Washington, D.C. — Both candidates for president offered warm words Thursday night about the Simpson-Bowles plan to close the federal deficit, which would have cut the deficit by $6.3 trillion over ten years with a blend of spending cuts and revenue.
Both candidates have presented their own deficit-reduction plans, but Romney's heavily favors putting nearly all weight on spending cuts. On Wednesday night, however, he appeared to move slightly closer to Simpson-Bowles, saying "the president should have grabbed it."
"If you wanted to make some adjustments to it, take it, go to Congress, fight for it," Romney said.
Romney was careful not to actually commit to that, or any, precise plan, and a top economic adviser, Glenn Hubbard, said his position had not in fact shifted.
Hubbard, the dean of the Columbia University graduate school of business, said Romney shares with the Simpson-Bowles plan support for broadening the tax base, and said the new taxes in the panel's plan can be done away with relative ease. The new taxes, he said, are an "order of magnitude" smaller than the large sums in play in any plan to close the deficit.
During the debate, Obama took issue with Romney's claim that he would not cut taxes for the wealthiest Americans under his plan.
"For 18 months he's been running on this tax plan," Obama said. "And now, five weeks before the election, he's saying that his big, bold idea is, 'Never mind.'"
And Obama's failure to get clear traction on Romney's fiscal views was, the president's allies said, the product of Romney's own vagueness.
"The problem for the president is that Romney kept describing a plan that has never been articulated," Justin Wolfers, an associate professor at the University of Pennsylvania's Wharton School, told BuzzFeed.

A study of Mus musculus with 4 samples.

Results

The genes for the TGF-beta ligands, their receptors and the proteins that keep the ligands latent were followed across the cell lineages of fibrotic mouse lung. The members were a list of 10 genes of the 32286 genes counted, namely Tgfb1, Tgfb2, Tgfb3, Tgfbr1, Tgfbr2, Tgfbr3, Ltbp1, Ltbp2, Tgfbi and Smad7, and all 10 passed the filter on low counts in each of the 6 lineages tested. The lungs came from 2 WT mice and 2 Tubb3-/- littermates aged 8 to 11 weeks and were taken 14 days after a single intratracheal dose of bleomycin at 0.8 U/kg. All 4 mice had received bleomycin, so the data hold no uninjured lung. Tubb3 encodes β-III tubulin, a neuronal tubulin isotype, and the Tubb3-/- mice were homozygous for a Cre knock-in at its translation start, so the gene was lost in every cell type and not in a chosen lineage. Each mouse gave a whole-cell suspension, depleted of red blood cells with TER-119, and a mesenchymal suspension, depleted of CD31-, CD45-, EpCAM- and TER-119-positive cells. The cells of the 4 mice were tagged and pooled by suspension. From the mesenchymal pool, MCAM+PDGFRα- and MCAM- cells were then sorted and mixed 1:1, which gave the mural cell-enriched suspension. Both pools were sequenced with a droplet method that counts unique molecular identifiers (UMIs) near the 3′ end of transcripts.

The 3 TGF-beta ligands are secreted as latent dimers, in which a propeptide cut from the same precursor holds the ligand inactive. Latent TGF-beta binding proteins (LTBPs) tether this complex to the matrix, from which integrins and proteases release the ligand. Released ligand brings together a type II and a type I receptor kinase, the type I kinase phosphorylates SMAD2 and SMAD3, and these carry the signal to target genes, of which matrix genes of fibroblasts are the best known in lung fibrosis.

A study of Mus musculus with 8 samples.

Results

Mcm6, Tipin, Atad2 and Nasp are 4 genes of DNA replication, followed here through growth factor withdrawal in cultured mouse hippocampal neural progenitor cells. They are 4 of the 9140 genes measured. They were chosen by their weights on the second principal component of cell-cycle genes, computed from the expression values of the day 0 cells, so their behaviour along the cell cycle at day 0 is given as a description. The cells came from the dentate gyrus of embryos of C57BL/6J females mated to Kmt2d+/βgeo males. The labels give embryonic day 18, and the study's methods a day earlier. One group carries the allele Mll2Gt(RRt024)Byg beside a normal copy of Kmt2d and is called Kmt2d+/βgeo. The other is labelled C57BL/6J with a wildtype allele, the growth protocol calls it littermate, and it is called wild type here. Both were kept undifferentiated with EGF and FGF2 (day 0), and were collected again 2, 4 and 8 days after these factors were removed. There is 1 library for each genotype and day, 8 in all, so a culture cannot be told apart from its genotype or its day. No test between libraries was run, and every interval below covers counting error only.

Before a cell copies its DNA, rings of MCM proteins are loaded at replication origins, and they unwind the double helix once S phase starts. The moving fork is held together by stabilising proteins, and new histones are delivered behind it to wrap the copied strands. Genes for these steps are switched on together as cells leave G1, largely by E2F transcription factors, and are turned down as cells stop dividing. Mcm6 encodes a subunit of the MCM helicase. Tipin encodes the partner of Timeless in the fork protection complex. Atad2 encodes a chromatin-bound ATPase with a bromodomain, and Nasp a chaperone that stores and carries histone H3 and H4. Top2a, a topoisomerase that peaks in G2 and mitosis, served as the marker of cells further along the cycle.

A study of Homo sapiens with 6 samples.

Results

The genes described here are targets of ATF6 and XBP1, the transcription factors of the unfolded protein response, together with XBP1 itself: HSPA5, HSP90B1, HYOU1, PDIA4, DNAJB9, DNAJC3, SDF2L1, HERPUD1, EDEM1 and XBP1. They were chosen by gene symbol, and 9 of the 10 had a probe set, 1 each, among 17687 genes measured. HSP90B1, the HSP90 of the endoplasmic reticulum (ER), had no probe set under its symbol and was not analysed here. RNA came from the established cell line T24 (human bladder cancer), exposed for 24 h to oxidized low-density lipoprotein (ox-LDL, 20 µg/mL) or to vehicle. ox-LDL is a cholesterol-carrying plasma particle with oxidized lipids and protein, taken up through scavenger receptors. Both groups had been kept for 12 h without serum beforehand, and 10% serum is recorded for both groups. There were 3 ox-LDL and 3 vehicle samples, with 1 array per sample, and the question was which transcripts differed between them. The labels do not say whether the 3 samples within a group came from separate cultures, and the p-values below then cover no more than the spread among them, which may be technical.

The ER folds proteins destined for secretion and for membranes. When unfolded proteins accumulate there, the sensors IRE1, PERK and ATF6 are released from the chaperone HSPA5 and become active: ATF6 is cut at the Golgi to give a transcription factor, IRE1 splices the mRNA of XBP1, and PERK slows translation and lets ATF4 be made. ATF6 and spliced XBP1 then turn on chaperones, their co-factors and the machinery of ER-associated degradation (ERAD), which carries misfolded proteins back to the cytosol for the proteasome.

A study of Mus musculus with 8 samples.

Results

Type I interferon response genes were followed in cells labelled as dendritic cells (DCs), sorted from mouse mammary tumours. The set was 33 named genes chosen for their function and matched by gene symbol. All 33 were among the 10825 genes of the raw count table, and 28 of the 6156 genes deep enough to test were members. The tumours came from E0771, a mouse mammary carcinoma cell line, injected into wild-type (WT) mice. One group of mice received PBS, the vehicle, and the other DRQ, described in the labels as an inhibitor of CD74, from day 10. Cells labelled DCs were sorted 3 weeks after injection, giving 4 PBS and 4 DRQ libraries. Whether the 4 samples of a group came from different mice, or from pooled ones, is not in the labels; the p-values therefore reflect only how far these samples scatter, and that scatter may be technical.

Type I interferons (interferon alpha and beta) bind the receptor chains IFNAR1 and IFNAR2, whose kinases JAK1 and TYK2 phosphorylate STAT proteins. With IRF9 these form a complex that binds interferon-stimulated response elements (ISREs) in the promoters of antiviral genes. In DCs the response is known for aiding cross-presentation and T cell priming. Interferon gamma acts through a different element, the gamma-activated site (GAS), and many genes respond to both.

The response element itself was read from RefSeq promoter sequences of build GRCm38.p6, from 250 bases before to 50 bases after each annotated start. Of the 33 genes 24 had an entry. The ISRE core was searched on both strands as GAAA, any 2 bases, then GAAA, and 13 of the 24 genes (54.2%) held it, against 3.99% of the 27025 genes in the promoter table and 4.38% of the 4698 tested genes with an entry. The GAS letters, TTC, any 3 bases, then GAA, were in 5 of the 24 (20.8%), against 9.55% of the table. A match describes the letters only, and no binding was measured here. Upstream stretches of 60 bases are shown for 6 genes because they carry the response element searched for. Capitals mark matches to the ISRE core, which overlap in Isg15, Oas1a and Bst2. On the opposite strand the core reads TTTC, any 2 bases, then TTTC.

If Simpson-Bowles — which neither candidate in fact supports in full, and which Romney accused Obama of letting languish — was the unexpected star of the debate, the largest dog that didn't bark in Wednesday's debate was the so-called "fiscal cliff," the mix of tax hikes and spending cuts that, if allowed to take effect at year's end, could steer the economy back into a recession.
The pressure on Congress to reach agreement on the big issues of taxing and spending has added a level of urgency to the campaign's fiscal debates, and observers on both sides were surprised not to hear it addressed explicitly in the Wednesday debate. On Capitol Hill, Republicans have tried to blame Obama directly for the spending cuts, which were triggered when a bipartisan super committee failed to reach a deficit-reduction agreement.
After the debate, Grover Norquist, the president of the anti-spending Americans for Tax Reform, told BuzzFeed he thought it was a "mistake" that Romney failed to mention the issue, but added, "I think they both have talked about this stuff so much that they take it for granted that everybody already knows about it."